I *THINK* this is a good story. I wanted to like it, but the narrator read this so poorly that I just kept thinking about other things. I think someone could read the phonebook with more inflection. Stick with Michael Prichard or Joe Mantegna for a good read. Even Burt Reynolds' mumbling is better. Ugh.
Atkins has more than captured the essence of Spenser. I have been rereading all the old Spenser novels (via Audible) and thus the whole enivronment is fresh in my mind. I honestly can not tell that this book was written by a different author. He has captured the universe entirely, including references to unseen characters from previous tomes that fit right into the flow. There is no sense that he used a "checklist" to ensure that he covered all the bases - something very common with follow-on works. Everything here felt right. He captures Susan and Hawk perfectly, and his references to inside-Boston stuff was spot on.
Finally, the story was compelling and held my interest. The new characters were well-developed and felt as if they belonged in the Spenser universe.
Ace gets an A+ from this avid Parker reader. (Are you ready to do another Cole and Hitch?) I'm looking forward to the next Spenser - may he live forever!
Thank you to the Parker estate for letting this series continue.
Joe Mantegna is the perfect reader for this series. I've listened to several others, who range from OK down to horrible - but Joe captures the spirit and attitude of the stores perfectly. (I'm aware that he portrayed Spenser in some made-for-TV movies that were not well received by most Spenser fans, but reading is not the same as acting). Joe does the multiple roles well, and I think he does the best Hawk of any of the readers.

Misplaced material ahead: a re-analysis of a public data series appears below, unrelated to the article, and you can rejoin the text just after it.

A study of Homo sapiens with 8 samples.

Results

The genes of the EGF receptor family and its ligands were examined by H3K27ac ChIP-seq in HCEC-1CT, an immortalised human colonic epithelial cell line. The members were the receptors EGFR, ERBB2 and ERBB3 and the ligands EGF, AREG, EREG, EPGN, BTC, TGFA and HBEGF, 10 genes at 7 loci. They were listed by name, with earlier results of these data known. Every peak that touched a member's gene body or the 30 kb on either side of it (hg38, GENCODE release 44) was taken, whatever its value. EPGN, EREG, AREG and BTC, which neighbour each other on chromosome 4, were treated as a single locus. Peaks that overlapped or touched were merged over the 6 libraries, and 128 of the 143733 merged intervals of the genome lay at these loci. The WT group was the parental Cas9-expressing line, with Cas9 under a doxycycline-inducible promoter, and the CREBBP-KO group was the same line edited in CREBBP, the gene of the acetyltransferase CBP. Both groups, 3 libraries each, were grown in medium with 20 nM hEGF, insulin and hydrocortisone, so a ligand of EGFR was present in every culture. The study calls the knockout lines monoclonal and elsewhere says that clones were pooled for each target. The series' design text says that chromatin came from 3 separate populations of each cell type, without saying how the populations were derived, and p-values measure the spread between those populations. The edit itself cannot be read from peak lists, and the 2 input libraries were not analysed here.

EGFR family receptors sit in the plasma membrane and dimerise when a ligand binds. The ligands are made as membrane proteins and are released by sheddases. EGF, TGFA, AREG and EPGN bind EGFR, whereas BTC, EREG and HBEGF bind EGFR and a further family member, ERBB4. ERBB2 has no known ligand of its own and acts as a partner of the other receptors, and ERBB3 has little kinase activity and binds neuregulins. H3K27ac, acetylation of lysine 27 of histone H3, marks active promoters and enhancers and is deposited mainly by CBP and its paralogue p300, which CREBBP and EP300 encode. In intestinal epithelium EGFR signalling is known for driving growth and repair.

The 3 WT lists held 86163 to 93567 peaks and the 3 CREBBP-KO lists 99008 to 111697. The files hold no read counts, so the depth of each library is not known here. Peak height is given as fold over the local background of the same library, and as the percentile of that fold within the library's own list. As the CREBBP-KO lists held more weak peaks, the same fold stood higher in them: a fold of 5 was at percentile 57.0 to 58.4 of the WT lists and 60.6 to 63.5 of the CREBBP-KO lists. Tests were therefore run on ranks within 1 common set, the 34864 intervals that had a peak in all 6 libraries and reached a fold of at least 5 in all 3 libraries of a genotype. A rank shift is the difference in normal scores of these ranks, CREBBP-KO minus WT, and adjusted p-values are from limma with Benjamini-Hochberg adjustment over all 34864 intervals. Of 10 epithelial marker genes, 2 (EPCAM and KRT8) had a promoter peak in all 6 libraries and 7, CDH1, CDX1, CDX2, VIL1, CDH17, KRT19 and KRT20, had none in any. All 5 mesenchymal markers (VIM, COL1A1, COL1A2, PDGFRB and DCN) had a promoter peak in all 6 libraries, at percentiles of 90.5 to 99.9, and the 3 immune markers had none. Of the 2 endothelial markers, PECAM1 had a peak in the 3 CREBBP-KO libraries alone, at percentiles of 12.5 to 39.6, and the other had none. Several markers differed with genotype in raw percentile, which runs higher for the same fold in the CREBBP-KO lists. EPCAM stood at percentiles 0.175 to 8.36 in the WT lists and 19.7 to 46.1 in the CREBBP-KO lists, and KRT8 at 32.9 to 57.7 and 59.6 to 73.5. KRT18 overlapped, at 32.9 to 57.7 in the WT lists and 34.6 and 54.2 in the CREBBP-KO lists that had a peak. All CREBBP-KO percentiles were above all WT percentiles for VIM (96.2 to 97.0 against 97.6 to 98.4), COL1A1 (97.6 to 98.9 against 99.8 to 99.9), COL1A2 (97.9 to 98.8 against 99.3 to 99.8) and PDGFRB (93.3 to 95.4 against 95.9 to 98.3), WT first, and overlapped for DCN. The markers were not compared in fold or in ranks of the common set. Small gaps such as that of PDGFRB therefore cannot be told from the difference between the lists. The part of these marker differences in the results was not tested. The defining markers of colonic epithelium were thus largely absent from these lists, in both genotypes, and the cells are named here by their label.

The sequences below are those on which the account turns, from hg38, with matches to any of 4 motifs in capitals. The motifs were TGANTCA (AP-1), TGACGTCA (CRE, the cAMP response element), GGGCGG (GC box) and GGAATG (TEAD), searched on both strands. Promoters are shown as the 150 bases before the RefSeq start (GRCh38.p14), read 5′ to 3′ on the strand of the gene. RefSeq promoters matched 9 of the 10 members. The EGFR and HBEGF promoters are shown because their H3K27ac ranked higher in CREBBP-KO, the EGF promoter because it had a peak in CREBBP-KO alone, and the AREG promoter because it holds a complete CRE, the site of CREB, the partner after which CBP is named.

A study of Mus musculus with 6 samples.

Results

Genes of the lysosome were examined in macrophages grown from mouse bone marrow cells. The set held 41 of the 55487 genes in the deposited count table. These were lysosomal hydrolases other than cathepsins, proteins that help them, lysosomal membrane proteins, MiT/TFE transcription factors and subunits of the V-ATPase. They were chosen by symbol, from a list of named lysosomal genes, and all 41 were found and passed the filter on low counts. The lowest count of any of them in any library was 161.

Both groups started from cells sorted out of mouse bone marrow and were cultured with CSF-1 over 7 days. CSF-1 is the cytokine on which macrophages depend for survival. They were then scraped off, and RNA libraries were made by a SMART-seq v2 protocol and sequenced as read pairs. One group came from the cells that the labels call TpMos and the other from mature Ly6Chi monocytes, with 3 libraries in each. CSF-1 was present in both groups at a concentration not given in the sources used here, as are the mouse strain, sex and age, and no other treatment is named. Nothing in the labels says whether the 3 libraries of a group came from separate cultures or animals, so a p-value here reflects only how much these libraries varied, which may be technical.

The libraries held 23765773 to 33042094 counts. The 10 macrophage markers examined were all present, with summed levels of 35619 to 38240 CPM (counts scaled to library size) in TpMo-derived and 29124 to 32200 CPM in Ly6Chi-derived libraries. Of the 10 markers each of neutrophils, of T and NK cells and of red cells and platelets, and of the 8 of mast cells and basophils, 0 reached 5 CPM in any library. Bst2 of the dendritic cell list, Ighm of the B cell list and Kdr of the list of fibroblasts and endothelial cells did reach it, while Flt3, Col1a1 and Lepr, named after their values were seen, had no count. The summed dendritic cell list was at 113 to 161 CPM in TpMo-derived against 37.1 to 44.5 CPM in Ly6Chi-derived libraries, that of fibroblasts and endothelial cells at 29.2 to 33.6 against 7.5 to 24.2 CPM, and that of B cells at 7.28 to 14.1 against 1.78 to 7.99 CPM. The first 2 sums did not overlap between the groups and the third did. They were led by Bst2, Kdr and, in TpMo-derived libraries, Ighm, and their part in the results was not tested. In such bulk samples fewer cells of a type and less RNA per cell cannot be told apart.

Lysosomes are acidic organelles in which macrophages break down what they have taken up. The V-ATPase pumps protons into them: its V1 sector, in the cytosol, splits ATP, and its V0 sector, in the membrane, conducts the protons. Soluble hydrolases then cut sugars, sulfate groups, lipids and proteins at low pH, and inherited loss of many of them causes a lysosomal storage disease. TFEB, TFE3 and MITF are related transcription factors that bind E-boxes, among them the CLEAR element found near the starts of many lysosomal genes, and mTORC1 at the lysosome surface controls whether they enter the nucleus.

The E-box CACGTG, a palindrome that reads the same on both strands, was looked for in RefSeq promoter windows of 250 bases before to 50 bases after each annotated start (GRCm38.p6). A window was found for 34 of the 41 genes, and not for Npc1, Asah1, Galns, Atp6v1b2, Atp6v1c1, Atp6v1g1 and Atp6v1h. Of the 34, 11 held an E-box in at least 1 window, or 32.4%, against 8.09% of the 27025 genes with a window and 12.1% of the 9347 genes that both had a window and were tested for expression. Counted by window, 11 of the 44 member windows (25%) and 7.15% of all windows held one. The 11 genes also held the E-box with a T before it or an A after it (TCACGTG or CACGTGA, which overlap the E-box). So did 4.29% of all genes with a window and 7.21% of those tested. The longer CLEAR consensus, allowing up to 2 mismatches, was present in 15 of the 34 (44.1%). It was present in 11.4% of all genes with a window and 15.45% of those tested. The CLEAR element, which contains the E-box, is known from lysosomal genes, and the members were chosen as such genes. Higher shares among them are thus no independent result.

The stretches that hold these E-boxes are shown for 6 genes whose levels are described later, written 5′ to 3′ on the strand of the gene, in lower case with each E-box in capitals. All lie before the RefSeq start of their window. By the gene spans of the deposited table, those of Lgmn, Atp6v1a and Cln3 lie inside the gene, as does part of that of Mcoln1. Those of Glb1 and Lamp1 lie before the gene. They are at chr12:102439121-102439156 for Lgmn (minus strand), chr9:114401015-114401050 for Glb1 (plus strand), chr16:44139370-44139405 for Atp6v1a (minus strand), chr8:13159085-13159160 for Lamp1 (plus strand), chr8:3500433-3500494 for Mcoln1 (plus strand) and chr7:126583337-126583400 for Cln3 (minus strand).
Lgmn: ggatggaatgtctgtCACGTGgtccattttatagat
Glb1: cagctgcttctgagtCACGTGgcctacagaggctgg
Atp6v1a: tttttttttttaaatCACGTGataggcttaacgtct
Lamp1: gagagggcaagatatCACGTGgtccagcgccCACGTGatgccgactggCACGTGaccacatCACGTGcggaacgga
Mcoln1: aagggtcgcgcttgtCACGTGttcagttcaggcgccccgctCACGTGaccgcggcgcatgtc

In short, I strongly recommend this novel to either long-time Parker fans, or new readers. You won't be disappointed!
New co-author, who obviously didn't read the previous books. No mention of key events and several supporting characters are missing. WAY too much preaching on global warming. Kills off a major character unnecessarily. Obviously the new author wants to establish his own story line, but JEEZ! Coonts should have stuck to DeFelice as coauthor. Don't much care for the new reader, either. I'm less than halfway through and it's debatable whether I'll bother to finish.